We are coming down the stretch, and everyone in the auto business will be biting their nails to see just how much better this year will be when the auto sales numbers are tallied, versus 2010 or the dread 2009, when sales hit a 27-year low.
Well, save your nails for 2012. J.D. Power and Associates and LMC Automotive say it's looking good. The Westlake Village, Calif. pundits say retail sales are finishing the last fifty yards in a dead sprint, based on the Power Information Network of dealership sales numbers and LMC Automotive. (If you’re scratching your head about LMC Automotive, it is a division of UK-based agribusiness consulting-focused LMC Group. LMC Automotive acquired J.D.P's automotive forecasting division last month as part of the latter’s program to split into a financial and market data company and an educational publisher.)
J.D. Power reports that December new-vehicle retail sales will come in at 1,033,700 units. If this is correct, December will have been the first time that retail sales topped 1 million units since the government's Cash for Clunkers adrenalin injection in August 2009. J.D. Power says that when fleet sales are added to the mix, total December sales will come in at 1,230,100 units, an 8% improvement over the month last year. Extrapolated to the full year, December's volume translates to 11.2 million units.
Back in 2009, J.D. Power President Finbarr O'Neill predicted sales would not come back to pre-recession days any time soon, and that prediction is holding water. Still, the strength of the market is borne out by the fact that stronger sales are not being driven entirely by incentives, per John Humphrey, SVP global auto operations at the firm. In a statement, he says December sales are performing well even though total incentive spending -- about $2,700 per vehicle -- is down 10% from last year. “The industry has managed through another series of external shocks and is in a healthier position as the year closes,” he said.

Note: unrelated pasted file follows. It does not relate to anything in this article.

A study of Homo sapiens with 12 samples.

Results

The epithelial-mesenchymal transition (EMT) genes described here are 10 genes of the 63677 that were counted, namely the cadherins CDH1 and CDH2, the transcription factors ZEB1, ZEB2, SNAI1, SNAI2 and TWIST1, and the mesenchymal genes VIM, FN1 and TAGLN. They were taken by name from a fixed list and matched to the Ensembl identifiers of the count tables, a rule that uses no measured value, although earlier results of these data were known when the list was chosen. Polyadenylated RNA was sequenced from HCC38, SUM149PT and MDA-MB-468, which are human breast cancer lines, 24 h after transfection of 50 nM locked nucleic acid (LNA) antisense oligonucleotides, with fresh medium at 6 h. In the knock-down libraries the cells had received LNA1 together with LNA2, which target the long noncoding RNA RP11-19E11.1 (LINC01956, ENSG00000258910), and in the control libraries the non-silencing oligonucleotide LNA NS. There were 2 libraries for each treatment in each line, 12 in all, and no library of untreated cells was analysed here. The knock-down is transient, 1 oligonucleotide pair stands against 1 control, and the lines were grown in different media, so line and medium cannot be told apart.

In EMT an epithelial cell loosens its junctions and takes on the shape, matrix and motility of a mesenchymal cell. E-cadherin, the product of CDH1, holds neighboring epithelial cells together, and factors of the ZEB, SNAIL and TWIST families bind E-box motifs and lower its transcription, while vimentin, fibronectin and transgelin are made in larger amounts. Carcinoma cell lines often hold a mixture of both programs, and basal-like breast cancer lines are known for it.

With December sales tracking as expected, LMC Automotive is holding its 2011 forecast at 10.3 million units for retail light-vehicle sales and 12.7 million units for total light-vehicle sales. Looking forward to next year -- which, given the tentative nature of the economy, is a reach -- LMC Automotive’s forecast is 13.8 million units for total light-vehicle sales next year, and 11.3 million units for retail light-vehicle sales.
“For the third straight time, light-vehicle sales are posting strong selling rates at the close of the year,” said Jeff Schuster, SVP of forecasting at LMC Automotive. “Next year, the automotive industry will look to build upon the strong finish to 2011, but the real test in 2012 will be weathering a summer selling slowdown and posting a full year of a progressive recovery,” he said in a statement.
The firms report that Honda and Toyota have pretty much returned to speed after the earthquake and tsunami in Japan and flooding in Thailand hobbled their production schedules. They say that production for Honda and Toyota is down by almost 16% to date, and production for Japanese manufacturers overall is down 7% from 2010.
Hyundai Group production is up 47%, and the Detroit three are 15% up in year-to-date production. The Europeans are up 37%.